Saks Fifth Avenue shoppers are flocking to the department store’s full-price wares — but discount chain Saks Off 5th is still struggling to draw in customers.
Parent company HBC reported second-quarter 2018 earnings on Wednesday and blamed widened losses on weaker-than-expected sales at Lord & Taylor and Off 5th. The company posted a net loss of C$147 million ($112.65 million), or 62 Canadian cents a share for the quarter ended Aug. 4, compared with a net loss of C$100 million, or 55 cents per share, a year earlier.
Still, this beat analysts’ forecasts of a loss of 67 cents per share, and the company’s shares rose 5 percent in morning trading. HBC also reported improved margins, raising adjusted earnings before interest, taxes, depreciation and amortization, to C$33 million from C$3 million during the same period in 2017.
The most obvious bright spot amid the results, though, was a 6 percent rise in comparable sales at Saks Fifth Avenue, which puts the department store’s rebound about on par with its competitors. (Nordstrom reported a 4 percent growth in comp sales in its last earnings report, while Neiman Marcus held strong at 6 percent.)
Helena Foulkes, HBC’s CEO, called Saks’ performance “especially encouraging,” saying: “The business’s ongoing strategy to elevate the brand through enhancement of its fashion offering, increased customer engagement and efforts to bring together the online and offline shopping experience continues to drive traction within the luxury segment.”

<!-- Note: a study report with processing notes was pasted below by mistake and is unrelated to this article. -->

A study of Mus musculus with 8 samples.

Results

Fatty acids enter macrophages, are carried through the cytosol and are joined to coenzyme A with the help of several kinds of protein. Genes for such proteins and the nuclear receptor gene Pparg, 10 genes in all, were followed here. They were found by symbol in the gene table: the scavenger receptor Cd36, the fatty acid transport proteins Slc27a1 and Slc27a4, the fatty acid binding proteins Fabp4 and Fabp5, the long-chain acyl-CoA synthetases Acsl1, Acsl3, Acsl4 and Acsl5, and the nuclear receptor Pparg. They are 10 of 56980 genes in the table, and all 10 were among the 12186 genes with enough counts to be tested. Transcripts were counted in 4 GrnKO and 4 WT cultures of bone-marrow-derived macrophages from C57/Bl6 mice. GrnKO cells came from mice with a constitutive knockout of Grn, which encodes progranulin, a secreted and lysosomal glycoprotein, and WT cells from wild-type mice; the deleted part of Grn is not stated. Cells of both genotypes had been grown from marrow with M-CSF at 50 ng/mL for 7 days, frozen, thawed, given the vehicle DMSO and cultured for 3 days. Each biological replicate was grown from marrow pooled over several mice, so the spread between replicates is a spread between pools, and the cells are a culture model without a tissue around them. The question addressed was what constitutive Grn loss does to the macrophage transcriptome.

Even so, she added, “there is still significant work to be done to improve our top line at Lord & Taylor and Saks Off 5th, which have not met expectations. With the right leadership team now in place, our banners are empowered to develop and implement strategies that will best drive their businesses forward.”
Comparable sales dropped 3.8 percent at HBC’s department store group, which includes its Hudson’s Bay and Lord & Taylor banners, and fell 7.6 percent at Off 5th. The latter has hot competition in fellow off-price chains Nordstrom Rack and Macy’s Backstage, both of which have seen healthy growth in recent quarters, and — at least in Backstage’s case — should be poised for even more business as Macy’s expands its footprint to hundreds of doors around the country.